Roger Penske talks Presidential Medal of Freedom, Detroit's comeback

It's been an incredible few weeks for Detroit businessman and entrepreneur Roger Penske. 

"I had to go to a meeting and I couldn't tell anybody but then again he announced that I guess, he was with Trudeau," Penske said. "And so my phone started going off and I had to keep shutting it off because I couldn't tell anybody at that point."

Penske spoke about the phone call he got from President Donald Trump telling him he has been chosen to receive the Presidential Medal of Freedom. 

"It is something that you never dream of in your lifetime," he said. "I got the official letter in the last week and I'm looking forward to the date when I go to the White House and receive the medal. It is something as a little guy delivering newspapers in Cleveland Ohio, you never think you'll get this award." 

That kid from Cleveland is an adopted son of Detroit.  A Detroit that's changed thanks in part to Roger Penske, a longtime believer and supporter in the city, and who was one of the first to invest into public safety when the city's coffers were empty during 2009 

The private sector is key in any city's redevelopment and resurgence.  The Penske is quick to point out the architects of that resurgence - he includes the Ilitches, Karmanos, Dan Gilbert. 

"I had the chance to understand that back when Mayor Dave Bing was in office and we needed police cars, we needed EMS units and how the private sector got together. We got Gilbert, Ilitch, all these foundations, Karmanos when you think about the early days," he said. "These are the people that have made a difference."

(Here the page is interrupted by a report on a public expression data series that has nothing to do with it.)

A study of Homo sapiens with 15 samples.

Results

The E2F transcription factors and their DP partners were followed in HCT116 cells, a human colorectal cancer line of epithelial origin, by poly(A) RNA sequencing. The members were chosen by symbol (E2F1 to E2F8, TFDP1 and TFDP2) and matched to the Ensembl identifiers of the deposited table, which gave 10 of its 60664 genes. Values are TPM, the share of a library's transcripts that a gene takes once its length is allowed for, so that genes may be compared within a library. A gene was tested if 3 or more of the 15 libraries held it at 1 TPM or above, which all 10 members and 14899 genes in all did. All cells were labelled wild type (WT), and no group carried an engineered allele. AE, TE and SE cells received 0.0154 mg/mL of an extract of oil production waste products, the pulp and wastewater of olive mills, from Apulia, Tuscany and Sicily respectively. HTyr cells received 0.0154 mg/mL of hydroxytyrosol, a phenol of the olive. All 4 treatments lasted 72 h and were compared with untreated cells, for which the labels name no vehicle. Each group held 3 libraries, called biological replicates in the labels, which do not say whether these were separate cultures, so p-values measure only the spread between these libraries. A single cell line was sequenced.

FOX 2: "You left out a very important name and that is Penske. What drives you?"

"Well, look, I'm a competitor number one," he said. "I want to do things right and I want to give back as an individual, my family wants to give back. Most important is to give people that work for me the opportunities to succeed - whether that's in a race car to win the Indy 500 or a guy selling a car for us at one of our dealerships or renting a truck at Penske truck leasing."

The next big challenges for the city are education and building job opportunities for all Detroiters.  He's committed $5 million to the Jefferson Chalmers neighborhood. He sees brighter days ahead.  
FOX 2: "Detroit in five years?"

"Detroit in five years is going to get better and better," he said. "You can see the investment. The one thing we have to work on, is education because I think that's the sticking point today.

"Transportation, we are working on and certainly the buildings and places for people to live and jobs. Think about the number of jobs that have been brought to the city of Detroit, not just people living there, but construction, this is all positive."